Miller County Lawyers Want Standard Fire Suit Back in Texarkana

by Mark Friedman  on Monday, Jun. 3, 2013 12:00 am  

John Goodson

Standard Fire appealed, and the case made it to the U.S. Supreme Court. On March 19, the high court issued a unanimous decision in favor of Standard Fire. It said the plaintiffs can’t say from the get-go that they aren’t seeking more than $5 million in fees and damages. The Knowles case was sent back to U.S. District Court.

Fresh Review

On March 28, just nine days after the Supreme Court ruling, attorney W.H. Taylor of the Fayetteville law firm Taylor Law Partners, Keil & Goodson and the two Texas firms filed a motion asking Holmes to reconsider whether the $5 million damages threshold had been met in the Knowles case.

Holmes had ruled in 2011 that the case was worth more than $5 million, but since Goodson and the other plaintiffs’ attorneys stipulated that they wouldn’t seek more than $5 million, Holmes believe he had no choice but to send the case back to Miller County.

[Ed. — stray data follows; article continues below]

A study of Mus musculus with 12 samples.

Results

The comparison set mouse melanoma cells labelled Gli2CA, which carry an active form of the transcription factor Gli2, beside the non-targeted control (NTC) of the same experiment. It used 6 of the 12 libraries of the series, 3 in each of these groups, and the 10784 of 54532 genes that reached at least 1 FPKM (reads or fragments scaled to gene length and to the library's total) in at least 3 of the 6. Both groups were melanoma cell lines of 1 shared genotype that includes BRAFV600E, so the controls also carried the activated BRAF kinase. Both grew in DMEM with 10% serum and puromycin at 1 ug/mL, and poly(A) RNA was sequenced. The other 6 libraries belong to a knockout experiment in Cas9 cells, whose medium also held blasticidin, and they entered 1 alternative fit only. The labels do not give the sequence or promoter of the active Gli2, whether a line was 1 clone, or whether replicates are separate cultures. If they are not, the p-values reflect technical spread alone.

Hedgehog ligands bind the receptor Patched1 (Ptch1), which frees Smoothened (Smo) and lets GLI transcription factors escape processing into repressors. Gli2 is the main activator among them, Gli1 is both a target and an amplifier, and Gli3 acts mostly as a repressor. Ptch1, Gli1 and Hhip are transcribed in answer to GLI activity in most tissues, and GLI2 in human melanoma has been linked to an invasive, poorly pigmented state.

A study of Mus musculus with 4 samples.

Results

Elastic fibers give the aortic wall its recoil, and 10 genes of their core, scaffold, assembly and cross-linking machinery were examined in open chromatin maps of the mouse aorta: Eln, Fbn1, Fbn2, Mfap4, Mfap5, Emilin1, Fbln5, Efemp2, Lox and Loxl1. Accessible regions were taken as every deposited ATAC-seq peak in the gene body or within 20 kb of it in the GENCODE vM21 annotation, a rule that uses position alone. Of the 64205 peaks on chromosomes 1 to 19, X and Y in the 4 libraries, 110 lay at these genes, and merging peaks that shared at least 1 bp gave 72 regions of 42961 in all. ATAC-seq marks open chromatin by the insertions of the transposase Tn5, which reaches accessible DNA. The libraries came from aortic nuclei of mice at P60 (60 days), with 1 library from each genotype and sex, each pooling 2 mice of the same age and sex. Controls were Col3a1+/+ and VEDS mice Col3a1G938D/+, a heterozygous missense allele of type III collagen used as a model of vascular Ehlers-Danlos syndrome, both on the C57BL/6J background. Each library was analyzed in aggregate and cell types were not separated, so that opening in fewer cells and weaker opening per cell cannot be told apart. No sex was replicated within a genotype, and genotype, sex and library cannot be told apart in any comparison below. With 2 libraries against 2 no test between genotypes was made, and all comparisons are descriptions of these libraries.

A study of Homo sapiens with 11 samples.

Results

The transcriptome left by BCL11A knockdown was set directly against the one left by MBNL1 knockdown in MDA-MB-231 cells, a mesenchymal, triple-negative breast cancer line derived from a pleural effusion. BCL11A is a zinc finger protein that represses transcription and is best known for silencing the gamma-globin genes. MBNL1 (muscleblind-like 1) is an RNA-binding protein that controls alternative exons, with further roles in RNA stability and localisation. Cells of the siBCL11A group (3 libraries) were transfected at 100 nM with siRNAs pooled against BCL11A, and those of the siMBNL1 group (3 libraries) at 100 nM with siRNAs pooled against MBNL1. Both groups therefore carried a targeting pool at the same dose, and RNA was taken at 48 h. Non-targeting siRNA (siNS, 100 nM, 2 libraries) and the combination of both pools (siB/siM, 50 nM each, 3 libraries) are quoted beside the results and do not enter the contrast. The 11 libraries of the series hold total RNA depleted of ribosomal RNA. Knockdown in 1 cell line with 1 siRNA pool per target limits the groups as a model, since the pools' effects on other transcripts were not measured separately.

The plaintiffs’ attorneys argued that Holmes’ finding is no longer binding and the court should take a “fresh review of Standard Fire’s evidence,” according to the motion. The plaintiffs’ attorneys would like to conduct a limited discovery to show that the case is worth less than $5 million.

What sparked the lawsuit in the first place was hail damage to Knowles’ Miller County home. He claimed in the lawsuit that Standard Fire didn’t pay enough of his claim to cover a general contractor’s overhead and profit, which is 20 percent of an estimated job. Knowles said his Standard Fire agent never told him he was entitled to receive the money for the contractor.

Taylor said in the filing that Standard’s total amount of damages and attorneys’ fees of $5,024,150 for the proposed class is wrong. He calculated it at $4,997,837, a dispute of just $26,313 but huge in that the lower figure would allow the plaintiffs to keep the case in the county court that has been so lucrative in the past.